Australia's women's water polo team were forced to relive their Beijing Olympic heartbreak as the United States again shattered the Stingers' gold medal dreams in London.
For the second successive Games, Australia suffered a narrow loss to the US in the semi-finals on Tuesday, ensuring the best medal they can collect is bronze.
Stingers coach Greg McFadden had made no secret of the fact his side was gunning for gold in London and he and his players were gutted after a dramatic 11-9 extra-time loss.
"It's hard for everyone, it doesn't matter whether you were there (Beijing) four years ago or the girls who are at their first Olympics," McFadden said.
"They came here with the same dream as those girls and any loss in a semi-final is devastating."
In a see-sawing match, the US gained the ascendancy with Melissa Seidemann's late goal and, after Stingers captain Kate Gynther's shot was denied by the cross bar, it looked like Australia would go down in normal time.
But there was late drama, with the US conceding a penalty because coach Adam Krikorian called a timeout despite his side not being in possession.
"It was a big mistake on my part and I could have cost us the game," Krikorian said.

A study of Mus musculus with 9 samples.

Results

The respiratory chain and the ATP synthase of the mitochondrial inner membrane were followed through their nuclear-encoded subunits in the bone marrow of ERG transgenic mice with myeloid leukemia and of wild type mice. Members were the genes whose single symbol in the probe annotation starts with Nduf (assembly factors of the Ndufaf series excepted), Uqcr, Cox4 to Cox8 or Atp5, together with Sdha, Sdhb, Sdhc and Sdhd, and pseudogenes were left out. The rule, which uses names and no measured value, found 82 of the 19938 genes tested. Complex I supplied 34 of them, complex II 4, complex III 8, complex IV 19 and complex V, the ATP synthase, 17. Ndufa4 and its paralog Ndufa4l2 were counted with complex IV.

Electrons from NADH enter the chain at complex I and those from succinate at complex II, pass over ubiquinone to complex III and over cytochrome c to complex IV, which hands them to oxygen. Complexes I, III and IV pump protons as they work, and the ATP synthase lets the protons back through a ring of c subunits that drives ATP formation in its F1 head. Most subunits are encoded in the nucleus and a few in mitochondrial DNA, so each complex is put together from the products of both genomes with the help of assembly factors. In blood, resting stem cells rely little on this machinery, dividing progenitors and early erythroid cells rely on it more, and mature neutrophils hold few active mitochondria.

Southern stepped up to convert for her fourth goal to send the game into extra time at 9-9.
Maggie Steffens put the Americans in front early in overtime with her fourth goal before Kami Craig scored in the dying seconds of the first period to create a buffer Australia never really looked like closing.
McFadden said his side's gruelling 20-18 quarter-final win over China in a penalty shoot out after extra time may have drained his players emotionally but believed they were simply outplayed.
"Getting beaten by America is no embarrassment," McFadden said.
"They have probably been the most consistent team for the last Olympic cycle.
"Very rarely are they beaten and today they were too good for us.
"But I'm proud of the girls, they showed some great character."
McFadden said the Stingers would regroup in time for Thursday's bronze medal playoff, against either Hungary or Spain.
"We're not going home empty handed," McFadden said.
After losing 9-8 to the USA in the semis in Beijing, Australia rebounded to beat Hungary in the bronze medal game and Gynther said the players would use that as motivation.
"In the end, bronze isn't bad. It's a hell of a lot better than going home in fourth. We want to finish this tournament on a high and a bronze medal would be the way to do it," she said.
The Australian's will on Thursday play a rematch of that Beijing bronze medal play-off after Hungary lost their semi-final to Spain.
Spain meanwhile advances to the final against the United States also on Thursday.